Google isn’t just pushing boundaries when it comes to tech, but office design too.
From the slides in its Silicon Valley base, to an artificial beach at its Tel Aviv offices, and dodgem cars and meetings rooms disguised as giant dice and beach huts at its London hub. But should other businesses be following suit?
While we were pondering this question, an article in Dezeen caught our eye.
Speaking to the magazine, Jeremy Myerson, the first Helen Hamlyn Chair of Design at London’s Royal College of Art, said he is wary of businesses copying the tech giant.
While the office-as-playground approach might work and be appropriate for Google, that doesn’t mean it will work for everyone else.
Games rooms might be seen as creative innovations by Google, but Myerson warned that such spaces can infantilise or distract staff. The office is first and foremost a place of work, after all.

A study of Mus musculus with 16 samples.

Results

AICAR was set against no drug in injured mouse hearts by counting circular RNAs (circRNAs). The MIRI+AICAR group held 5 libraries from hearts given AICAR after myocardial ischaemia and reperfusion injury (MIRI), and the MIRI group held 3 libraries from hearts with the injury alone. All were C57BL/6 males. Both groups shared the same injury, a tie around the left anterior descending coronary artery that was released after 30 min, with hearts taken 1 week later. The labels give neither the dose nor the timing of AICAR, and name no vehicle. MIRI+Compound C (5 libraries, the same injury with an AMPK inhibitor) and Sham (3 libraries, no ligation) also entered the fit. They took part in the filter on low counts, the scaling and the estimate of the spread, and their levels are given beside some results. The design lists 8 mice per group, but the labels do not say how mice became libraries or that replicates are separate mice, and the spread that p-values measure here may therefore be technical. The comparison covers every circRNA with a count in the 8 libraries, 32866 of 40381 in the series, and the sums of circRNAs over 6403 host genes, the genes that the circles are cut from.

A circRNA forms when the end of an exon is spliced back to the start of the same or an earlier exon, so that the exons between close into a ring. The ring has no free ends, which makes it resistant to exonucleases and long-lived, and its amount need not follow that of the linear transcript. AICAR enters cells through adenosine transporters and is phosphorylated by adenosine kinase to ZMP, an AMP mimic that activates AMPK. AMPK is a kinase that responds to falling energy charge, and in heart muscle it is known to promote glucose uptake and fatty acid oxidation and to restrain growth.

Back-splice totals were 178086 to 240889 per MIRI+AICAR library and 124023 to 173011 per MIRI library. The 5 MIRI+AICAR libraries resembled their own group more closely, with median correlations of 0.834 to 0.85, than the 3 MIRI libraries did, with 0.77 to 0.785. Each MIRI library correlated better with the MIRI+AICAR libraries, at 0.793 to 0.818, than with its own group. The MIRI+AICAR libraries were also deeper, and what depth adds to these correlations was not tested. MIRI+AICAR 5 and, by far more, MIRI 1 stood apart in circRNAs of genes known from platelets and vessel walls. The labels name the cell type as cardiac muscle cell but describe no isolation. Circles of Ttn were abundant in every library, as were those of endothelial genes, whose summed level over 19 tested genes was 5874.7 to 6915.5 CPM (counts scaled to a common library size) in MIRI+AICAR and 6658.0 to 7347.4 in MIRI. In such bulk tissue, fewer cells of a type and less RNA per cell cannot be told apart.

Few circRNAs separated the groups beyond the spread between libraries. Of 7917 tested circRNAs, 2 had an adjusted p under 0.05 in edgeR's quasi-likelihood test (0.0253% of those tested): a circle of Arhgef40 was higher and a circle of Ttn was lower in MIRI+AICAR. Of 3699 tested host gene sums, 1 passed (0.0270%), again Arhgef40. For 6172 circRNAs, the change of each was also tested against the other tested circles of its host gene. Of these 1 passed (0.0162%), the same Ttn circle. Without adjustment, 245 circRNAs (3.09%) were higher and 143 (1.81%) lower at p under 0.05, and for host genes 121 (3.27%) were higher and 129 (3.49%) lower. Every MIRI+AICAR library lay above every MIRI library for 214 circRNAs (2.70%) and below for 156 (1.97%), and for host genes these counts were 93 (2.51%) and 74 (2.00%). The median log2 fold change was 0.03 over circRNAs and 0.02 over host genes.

And it’s perhaps not surprising to hear that the novelty of having slides in the office wears off very quickly.
But that’s not to say we can’t learn from Google.
In fact, there are two things to take away from its approach: its emphasis on employee happiness, and the way it incorporates its company culture into its office design.
Office gimmicks such as slides and artificial beaches won’t reflect every company culture. Having dodgem cars in the middle of a law firm probably won’t send clients, or employees, the right message, for example.
But that’s not to say you shouldn’t provide your staff with a space away from their desks.
If your office has the capacity for it, a café area gives employees a break from their screens and provides them with a place to bond with colleagues – two very important contributors to employee happiness.